As we look back on 2019, we want to thank you for your support and engagement with Ten Strands. Since 2012, our focus has been to work with the largest school system in the country to integrate environmental literacy into the core educational experience of all California’s 6.2 million K–12 public school students. We are excited to share our top ten 2019 highlights with you, and we hope you are inspired to continue with us in this journey towards an environmentally literate California.
1. We forged a new partnership with the University of California and California State University systems to co-author a report and host the first Environmental and Climate Change Literacy Project and Summit (ECCLPS). This December’s summit at UCLA will bring together higher education leaders and other stakeholders to explore preparing future and current teachers to teach their students about urgent environmental and climate change issues in the context of standards-based instruction.
2. We partnered with the California Environmental Education Foundation to form the Water Energy and Education Alliance, bringing together school district career technical education leaders with water and energy utility sector professionals to create green career pathways for students leading to jobs.
3. We continued to lead the California Environmental Literacy Initiative, convening representatives from California state agencies, leaders in formal and nonformal education, and community-based organizations to coordinate the advancement of environmental literacy.
4. We deepened our partnerships with the California Subject Matter Project and the California Science Teachers Association, increasing opportunities for teachers to access professional learning focused on environmental literacy. A climate summit and institutes in science, history–social science, global education, and environmental justice helped K–12 teachers build content knowledge, ensuring that their students will receive environmental literacy learning experiences.
5. Our partnerships with the California Department of Education, the California County Superintendent Education Services Agency, the California Subject Matter Project, K–12 Alliance, the California Science Teachers Association, and the State Education and Environment Roundtable resulted in statewide rollouts focused on environmental literacy for the Next Generation Science Standards, History–Social Science Framework rollouts that incorporated environmental literacy, and inclusion of California’s Environmental Principles & Concepts into the new Health Framework.
6. New partnerships in San Mateo, Santa Cruz, San Joaquin, Santa Clara, San Luis Obispo, Orange, and Yolo counties are resulting in the creation and distribution of resources to help county office of education leaders across California weave environmental literacy into the foundational structures and systems of K–12 education in their regions.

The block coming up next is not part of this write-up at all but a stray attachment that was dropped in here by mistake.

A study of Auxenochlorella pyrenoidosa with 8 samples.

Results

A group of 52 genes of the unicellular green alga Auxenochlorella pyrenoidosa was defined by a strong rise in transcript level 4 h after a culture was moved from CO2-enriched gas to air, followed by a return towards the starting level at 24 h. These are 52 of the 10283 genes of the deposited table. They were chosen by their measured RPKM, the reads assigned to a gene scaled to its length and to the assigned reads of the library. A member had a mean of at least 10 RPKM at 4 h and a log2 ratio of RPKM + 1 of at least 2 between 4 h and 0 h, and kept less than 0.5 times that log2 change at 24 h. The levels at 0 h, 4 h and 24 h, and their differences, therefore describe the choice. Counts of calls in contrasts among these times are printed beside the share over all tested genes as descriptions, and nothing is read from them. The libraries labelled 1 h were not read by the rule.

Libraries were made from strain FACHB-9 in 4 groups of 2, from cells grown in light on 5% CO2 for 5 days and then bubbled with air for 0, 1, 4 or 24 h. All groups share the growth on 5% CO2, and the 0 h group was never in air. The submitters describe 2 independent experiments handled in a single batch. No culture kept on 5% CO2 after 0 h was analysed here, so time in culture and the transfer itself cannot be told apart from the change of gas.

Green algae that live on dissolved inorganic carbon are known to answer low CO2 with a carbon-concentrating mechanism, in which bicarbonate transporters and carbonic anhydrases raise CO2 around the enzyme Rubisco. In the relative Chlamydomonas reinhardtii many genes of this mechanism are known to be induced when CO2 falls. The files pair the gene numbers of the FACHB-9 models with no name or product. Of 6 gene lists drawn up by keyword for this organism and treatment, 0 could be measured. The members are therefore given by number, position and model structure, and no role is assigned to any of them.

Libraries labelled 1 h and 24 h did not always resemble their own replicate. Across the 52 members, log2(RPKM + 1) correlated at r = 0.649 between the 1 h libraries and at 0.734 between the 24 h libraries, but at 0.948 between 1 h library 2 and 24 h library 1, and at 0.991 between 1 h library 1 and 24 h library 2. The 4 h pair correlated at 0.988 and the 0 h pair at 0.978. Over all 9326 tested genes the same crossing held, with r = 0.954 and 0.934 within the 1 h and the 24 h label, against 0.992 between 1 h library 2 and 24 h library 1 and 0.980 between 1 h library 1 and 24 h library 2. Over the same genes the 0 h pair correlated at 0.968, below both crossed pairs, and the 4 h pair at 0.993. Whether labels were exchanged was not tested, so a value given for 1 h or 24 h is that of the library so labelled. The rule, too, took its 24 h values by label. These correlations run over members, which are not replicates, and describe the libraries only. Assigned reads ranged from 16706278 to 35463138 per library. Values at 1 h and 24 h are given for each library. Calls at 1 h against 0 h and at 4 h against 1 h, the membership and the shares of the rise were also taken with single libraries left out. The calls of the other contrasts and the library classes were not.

7. We deepened our partnerships with districts around the state engaged in environmental literacy planning, including: Alameda, Pajaro Valley, Petaluma, Evergreen, San Francisco, Montebello, Rialto, Fontana, and Anaheim. Special congratulations to Rialto USD for winning the 2019 National Green Ribbon Schools Award!
8. Our partnership with the California History–Social Science Project at UC Davis is featured in The Source magazine in an issue dedicated to environmental literacy, and has been shared statewide throughout their network.
9. Our partnership with the California Outdoor Schools Association resulted in an overhaul of the Residential Outdoor Science Schools Guide. The guide, which had not been updated in over 10 years, includes a peer review process for residential outdoor schools in California, ensuring quality and consistency in outdoor education experiences for all California’s K–12 students.
10. We published a number of powerful stories written by people engaged in the daily work of increasing environmental literacy in California. These articles show how districts, schools, and teachers are successfully using the environment to engage students in core academic subjects. This year we also established a new category of publications dedicated to youth voices.
We are so grateful to work in partnership to nurture and sustain the environmental literacy movement in California. We hope you are proud to be part of this journey, and know that our successes are yours as well. If you feel inspired by these stories, 2019 highlights, and the growing momentum of the environmental literacy movement, please stay engaged and consider making a year-end contribution so that together we continue to make progress into 2020—and beyond!